Although the Mystic Schooners have only played 20 games on the new Fitch High School field for the 2012 NECBL season, for Anthony Turgeon, Greg Porter and Kevin Carlow they feel at home.
For these three hometown heroes this is their second chance to be able to play together again.
"We three would have never thought we would play with each other again," said Porter a sophomore at Eastern Connecticut State University. "So its pretty special to be on the high school field again together."
While Fitch field is their home turf, the field itself has changed drastically since the three have graduated.
"The field is unbelievable," said Porter.
In regards to the fence being moved, Turgeon said, "You used to have to hit the ball three miles to get it out of there, now you can hit a lot more homeruns, it's better entertainment for the fans."
"The whole atmosphere of the field is better than what it used to be," said Porter.
Porter, Turgeon and Carlow have been playing with each other since Little League and for Carlow entering into his final season of summer baseball, being able to be back home at his own field is a blessing.
Carlow a recent addition to the team had no intentions of playing the summer going into his senior year at Brown University. The past two summers Carlow has been apart of the Cape Cod League and the Virginia Valley league, but Mystic is his home.
"I didn't have a team for a month," said Carlow. " I would like to thank Dennis Long, who talked to me the whole time, he told me to stay patient and he played a huge part in getting me on the team."
Dennis Long, the General Manager for the Schooners, had an intricate part in recruiting players to the team, especially the three hometown heroes.
"I have known the three local guys on our team since they were in Little League and I knew they deserved to play in our league," said Long. "They have proven me right!"
Even though the Schooners season has gotten off to a rocky start with a 6-30 start, for Turgeon, Porter and Carlow they care more about getting fans to the field.
Porter, typically a pitcher but has assisted the team with 3 RBIs this season, was beyond thrilled when the Schooners held Groton Little League night on July 4th where the field saw its biggest crowd of the season.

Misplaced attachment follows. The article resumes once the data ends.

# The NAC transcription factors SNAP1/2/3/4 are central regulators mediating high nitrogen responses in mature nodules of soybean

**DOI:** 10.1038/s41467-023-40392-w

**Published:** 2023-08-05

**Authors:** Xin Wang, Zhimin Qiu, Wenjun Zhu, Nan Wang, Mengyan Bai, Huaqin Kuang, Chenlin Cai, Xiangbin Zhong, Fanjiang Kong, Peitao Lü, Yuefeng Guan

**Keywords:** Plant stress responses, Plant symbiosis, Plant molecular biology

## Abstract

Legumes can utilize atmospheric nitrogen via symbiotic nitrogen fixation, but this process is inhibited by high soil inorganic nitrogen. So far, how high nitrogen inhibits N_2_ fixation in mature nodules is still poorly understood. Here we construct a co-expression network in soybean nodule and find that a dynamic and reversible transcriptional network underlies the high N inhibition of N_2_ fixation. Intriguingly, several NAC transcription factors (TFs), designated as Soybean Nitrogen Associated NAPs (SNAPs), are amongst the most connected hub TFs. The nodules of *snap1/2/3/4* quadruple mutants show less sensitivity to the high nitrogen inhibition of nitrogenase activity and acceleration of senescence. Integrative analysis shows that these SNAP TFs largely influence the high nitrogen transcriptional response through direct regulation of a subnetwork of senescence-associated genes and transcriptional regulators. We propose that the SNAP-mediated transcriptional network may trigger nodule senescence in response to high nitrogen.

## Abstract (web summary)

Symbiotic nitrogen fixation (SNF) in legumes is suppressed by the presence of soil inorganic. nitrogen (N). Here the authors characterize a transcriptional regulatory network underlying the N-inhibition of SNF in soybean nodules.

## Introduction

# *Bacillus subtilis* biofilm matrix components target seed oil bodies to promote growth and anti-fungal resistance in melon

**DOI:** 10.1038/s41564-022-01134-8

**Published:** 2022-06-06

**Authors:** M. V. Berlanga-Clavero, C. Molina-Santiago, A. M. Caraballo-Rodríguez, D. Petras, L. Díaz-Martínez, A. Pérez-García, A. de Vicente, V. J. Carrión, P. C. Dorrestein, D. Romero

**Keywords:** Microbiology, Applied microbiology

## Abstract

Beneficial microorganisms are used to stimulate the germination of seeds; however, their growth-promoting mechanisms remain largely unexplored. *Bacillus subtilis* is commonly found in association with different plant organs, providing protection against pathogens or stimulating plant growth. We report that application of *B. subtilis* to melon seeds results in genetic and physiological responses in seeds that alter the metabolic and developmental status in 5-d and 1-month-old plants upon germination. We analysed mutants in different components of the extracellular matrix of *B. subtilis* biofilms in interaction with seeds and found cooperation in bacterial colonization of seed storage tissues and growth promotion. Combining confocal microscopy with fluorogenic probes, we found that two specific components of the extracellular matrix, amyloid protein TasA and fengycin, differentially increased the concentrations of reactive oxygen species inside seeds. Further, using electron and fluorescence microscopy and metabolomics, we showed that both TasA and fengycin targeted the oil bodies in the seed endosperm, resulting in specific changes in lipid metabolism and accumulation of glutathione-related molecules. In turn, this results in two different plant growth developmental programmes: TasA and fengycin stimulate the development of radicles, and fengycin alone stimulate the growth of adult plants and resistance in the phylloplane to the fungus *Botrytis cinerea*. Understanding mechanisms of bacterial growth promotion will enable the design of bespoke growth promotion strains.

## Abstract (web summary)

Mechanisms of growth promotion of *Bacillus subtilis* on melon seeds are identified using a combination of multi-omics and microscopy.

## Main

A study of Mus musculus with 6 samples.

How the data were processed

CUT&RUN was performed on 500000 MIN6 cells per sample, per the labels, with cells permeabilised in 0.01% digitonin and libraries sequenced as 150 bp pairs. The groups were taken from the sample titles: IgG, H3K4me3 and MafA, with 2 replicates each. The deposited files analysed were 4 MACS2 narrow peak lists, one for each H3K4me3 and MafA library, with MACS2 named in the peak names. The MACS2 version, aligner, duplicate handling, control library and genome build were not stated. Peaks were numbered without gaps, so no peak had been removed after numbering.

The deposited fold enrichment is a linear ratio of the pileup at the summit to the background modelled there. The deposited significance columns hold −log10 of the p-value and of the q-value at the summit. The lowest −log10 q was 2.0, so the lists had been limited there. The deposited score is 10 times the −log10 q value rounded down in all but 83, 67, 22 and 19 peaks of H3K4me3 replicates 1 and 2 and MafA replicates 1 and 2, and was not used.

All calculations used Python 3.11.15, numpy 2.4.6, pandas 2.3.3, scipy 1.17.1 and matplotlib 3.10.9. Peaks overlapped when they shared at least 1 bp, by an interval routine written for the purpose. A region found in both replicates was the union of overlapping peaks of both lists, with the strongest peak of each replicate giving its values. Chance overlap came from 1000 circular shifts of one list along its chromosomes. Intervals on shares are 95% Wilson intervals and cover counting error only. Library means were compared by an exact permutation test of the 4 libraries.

"It's pretty cool for the younger kids around the area to see us play. It gives them something to look forward to, being able to see three local guys playing in this league, it's an inspiration," said Porter.
Long also commented on the impact the local players have on the younger viewers, "The example of hard work, positive personality, and enjoyment of the game is a great teaching tool for parents and kids alike."
All three have made it a priority to spread the word and get more attention for the Schooners. When you look up in the stands you can always find a member of the Turgeon clan. Turgeon, a junior at Central Connecticut State University, explained that his family's support is always present at every game whether it's his parents, grandfather or cousins cheering him on. The love and support has shown tremendously for Turgeon who has a .225 batting average, 7 RBIs and 3 home runs so far this season.
Not only do these three local players have the constant family support at every game, but being able to live at home as provided them each an upper hand.
For Carlow who has been away for multiple summers being able to be at home as been a relief, "I have so much less to worry about, both on and off the field."
For Turgeon, who played in Arizona and the Perfect Game League in New York in summers past, it isn't just his home cooked meals every night but also his ride to the field where he sees the benefits.
"Last summer I stayed in a host family in New York, I had a forty minute drive to the field, it was tough," said Turgeon. "But now I can go home sleep in my own bed."
Porter, Turgeon and Carlow have all stated they are all honored to be apart of the Schooners team and the NECBL for the first time.
"Dennis Long has been a huge help, all that he has done for the team is amazing and we wouldn't be here without him," said Porter.